Stringing Together Moby Dick

Hacking with Twine

Games have been around since 3000 BCE (the Royal Game of Ur and Senet are the oldest we have found) and are a continuous source of cooperation, critical thinking, and entertainment. Not only are they a way to bond with others, but they also help us develop analytical skills. Games help us become deeply invested in an idea and create value and meaning using relatively simple tools. Games such as chess and Monopoly are incredibly popular, but video games have rapidly become on of the most popular types of gaming. Video games have an extremely short history, as they started in the 1940’s (look up Cathode Ray Tube Amusement Device, if you are curious), but their simulations have captivated millions of people. From Pong to Skyrim, video games are increasingly more immersive and complex, pushing peoples’ imaginations further and further.


Gaming has also become an extremely popular way to teach. Educational games are receiving a lot of recognition as a way to teach children lessons and to keep them interested, but people who are opposed to this type of learning often claim that kids won’t care about anything other than winning. I went to a Hackathon on the Wisconsin campus, where I was able to prototype a game that was meant to teach middle schoolers about the human impact on the environment. The pollution that was created in the game did not stop my greed to have more money than the other players, but the developers were quick to answer how they were in the process of changing that feature. The balance between entertainment and critical thinking is difficult, but not impossible!


An interesting alternative to playing games to help think critically about information is to actually build them! Although most people do not have the skill set to build elaborate games, the Internet has created many open-source platforms to give people the opportunity to be on the creating side of things. By manipulating traditional uses of games, these creators can challenge the notions of what games are, how players interact with them, and how people analyze information.


Twine is one of these open-source platforms where anyone can make interactive stories or games. You don’t need to know any code and there is a large community that is ready and willing to help people get started. Twine uses an interactive workstation that let’s you move pages around and connect them with brackets instead of HTML. CSS and Javascript can be used to design the Twine, but it is not necessary, as the default aesthetic is very easy to use. Twine also lets you set variables that create different outcomes depending on how you have interacted with the game. Many stories that are typically created fit into a choose-your-own-adventure storyline and some great examples can be found here and here!



In our Hack Lab, we were instructed to use Twine as a way to interpret a portion of Moby Dick. You can view my Twine here. In it, I took the chapter, “Of the Monstrous Pictures of Whales,” and tried to manipulate the structure of the writing. I had a difficult time reading this section, because it is one of the long descriptive chapters, but I was still drawn to why Ishmael took the time to go through the history of whale depictions. As I read the text, I glossed over key points just to make it through the large block paragraphs and I wanted a different affect for my Twine. I broke up the text by separating sentences into paragraphs and paragraphs into completely separate pages. I made the text and images large, so the player can only focus on a few things at the same time. This forces the player to take their time reading the text and to genuinely understand what they were reading.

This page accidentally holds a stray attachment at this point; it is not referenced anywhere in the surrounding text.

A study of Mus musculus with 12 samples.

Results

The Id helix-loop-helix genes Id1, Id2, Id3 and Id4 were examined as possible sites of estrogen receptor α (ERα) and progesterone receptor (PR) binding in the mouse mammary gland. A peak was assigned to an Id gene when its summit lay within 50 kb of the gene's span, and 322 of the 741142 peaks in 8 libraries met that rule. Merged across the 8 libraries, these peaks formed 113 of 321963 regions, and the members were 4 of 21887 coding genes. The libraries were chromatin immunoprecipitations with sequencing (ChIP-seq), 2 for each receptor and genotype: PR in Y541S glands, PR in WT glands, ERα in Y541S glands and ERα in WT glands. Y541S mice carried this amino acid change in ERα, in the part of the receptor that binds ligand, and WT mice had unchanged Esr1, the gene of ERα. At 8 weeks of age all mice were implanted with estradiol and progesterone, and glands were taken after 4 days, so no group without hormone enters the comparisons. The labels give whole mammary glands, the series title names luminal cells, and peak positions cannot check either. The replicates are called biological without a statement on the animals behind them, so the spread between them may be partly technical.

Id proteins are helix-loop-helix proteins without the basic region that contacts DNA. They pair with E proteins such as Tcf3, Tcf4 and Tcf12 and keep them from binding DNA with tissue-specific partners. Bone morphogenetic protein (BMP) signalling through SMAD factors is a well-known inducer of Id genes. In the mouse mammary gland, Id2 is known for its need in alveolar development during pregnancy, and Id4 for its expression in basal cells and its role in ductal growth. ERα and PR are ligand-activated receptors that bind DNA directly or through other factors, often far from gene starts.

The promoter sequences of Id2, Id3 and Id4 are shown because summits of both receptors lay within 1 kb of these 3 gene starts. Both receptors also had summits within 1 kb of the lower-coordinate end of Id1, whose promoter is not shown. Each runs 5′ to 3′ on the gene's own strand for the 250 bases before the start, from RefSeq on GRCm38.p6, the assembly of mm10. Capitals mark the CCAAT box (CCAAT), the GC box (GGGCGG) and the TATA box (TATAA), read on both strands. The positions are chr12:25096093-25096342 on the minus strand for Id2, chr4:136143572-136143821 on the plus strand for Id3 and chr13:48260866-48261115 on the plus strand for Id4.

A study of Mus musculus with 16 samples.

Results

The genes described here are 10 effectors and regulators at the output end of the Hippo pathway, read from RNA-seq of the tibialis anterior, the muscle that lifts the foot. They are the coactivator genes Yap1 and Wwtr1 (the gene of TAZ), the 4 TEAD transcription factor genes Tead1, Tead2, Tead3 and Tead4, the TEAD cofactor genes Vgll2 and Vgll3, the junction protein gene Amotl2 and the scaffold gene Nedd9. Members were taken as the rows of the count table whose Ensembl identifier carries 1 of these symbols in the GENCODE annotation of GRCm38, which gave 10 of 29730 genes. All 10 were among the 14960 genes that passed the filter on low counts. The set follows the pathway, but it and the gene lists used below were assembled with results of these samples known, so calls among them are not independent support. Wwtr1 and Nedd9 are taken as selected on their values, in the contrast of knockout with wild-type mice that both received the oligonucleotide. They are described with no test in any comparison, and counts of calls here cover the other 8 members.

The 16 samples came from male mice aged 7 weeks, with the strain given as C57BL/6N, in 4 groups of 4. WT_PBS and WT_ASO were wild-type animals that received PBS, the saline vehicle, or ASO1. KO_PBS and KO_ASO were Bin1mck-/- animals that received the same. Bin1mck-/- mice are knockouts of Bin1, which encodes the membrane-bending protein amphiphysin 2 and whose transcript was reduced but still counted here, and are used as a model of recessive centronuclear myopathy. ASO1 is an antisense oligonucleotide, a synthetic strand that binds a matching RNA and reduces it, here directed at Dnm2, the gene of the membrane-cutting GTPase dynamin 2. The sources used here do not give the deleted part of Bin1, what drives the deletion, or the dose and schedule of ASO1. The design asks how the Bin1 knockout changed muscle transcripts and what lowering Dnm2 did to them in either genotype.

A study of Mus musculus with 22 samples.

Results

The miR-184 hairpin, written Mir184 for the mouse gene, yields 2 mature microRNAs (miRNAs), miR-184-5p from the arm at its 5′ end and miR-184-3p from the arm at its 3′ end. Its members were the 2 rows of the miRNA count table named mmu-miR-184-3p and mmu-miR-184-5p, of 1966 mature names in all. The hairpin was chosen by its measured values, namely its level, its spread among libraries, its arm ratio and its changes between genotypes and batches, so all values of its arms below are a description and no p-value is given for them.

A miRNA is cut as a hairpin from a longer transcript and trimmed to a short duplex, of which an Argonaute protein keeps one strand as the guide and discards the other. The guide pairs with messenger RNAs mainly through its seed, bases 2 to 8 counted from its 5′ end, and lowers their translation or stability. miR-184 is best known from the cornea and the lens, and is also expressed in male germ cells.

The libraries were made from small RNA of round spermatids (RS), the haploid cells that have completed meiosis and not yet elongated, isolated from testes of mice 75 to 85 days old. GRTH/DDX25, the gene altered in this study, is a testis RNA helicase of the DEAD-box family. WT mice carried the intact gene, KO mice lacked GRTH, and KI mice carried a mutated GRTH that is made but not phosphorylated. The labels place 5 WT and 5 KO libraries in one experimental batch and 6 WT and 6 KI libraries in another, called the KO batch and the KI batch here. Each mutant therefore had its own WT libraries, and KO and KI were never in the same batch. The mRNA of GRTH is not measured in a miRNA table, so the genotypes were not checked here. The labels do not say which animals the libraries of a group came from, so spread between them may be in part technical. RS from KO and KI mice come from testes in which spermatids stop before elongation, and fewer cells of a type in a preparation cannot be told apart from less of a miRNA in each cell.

Even as I was creating my Twine, I was able to slow down and really analyze the text. Early on, I was struck by how funny the chapter was. Ishmael’s words are so harsh as he criticizes works of art hundreds of years older than he is and what he says seems so temporary in the grand scheme of things. To highlight this, I made it so the text disappears if the player moves the mouse over the letters, but the pictures stay the way they are. This also causes the player to keep the mouse on the side of the screen, making them focus on the text and not continuously searching for the link that gets them to the next page. The reason the pictures are there at all is to juxtapose Ishmael’s descriptions of the illustrations with the actual images. This way, the player can directly compare what Ishmael is saying to the real images and see if Ishmael’s interpretation of the interpretations is anything close to accurate.


This chapter also helps us think about the Hack Lab as a whole. Ishmael is deeply concerned with translations and interpretations of objects. He believes that these pictures are, “all wrong,” but also goes on to say that there is no way to adequately reach a true description of a whale. Does this mean we should stop trying? Definitely not, Ishmael argues as he spends the rest of the novel trying to interpret whales. By constantly thinking about a text in different ways and figuring out ways to represent it in a new medium (be it through drawing, creating haikus, or making video games), we are able to spend much more time analyzing it. Even as we view these other interpretations (by seeing the picture, reading the poem, or playing the video game), we are able to pick out what others’ deem important and we can think how these perceptions affect the original text. Ishmael might hate it (or fans of a book might hate the movie version), but contributing to the larger discourse in different and unusual ways helps us see the text in a new light and ultimately helps us understand the text better than ever before.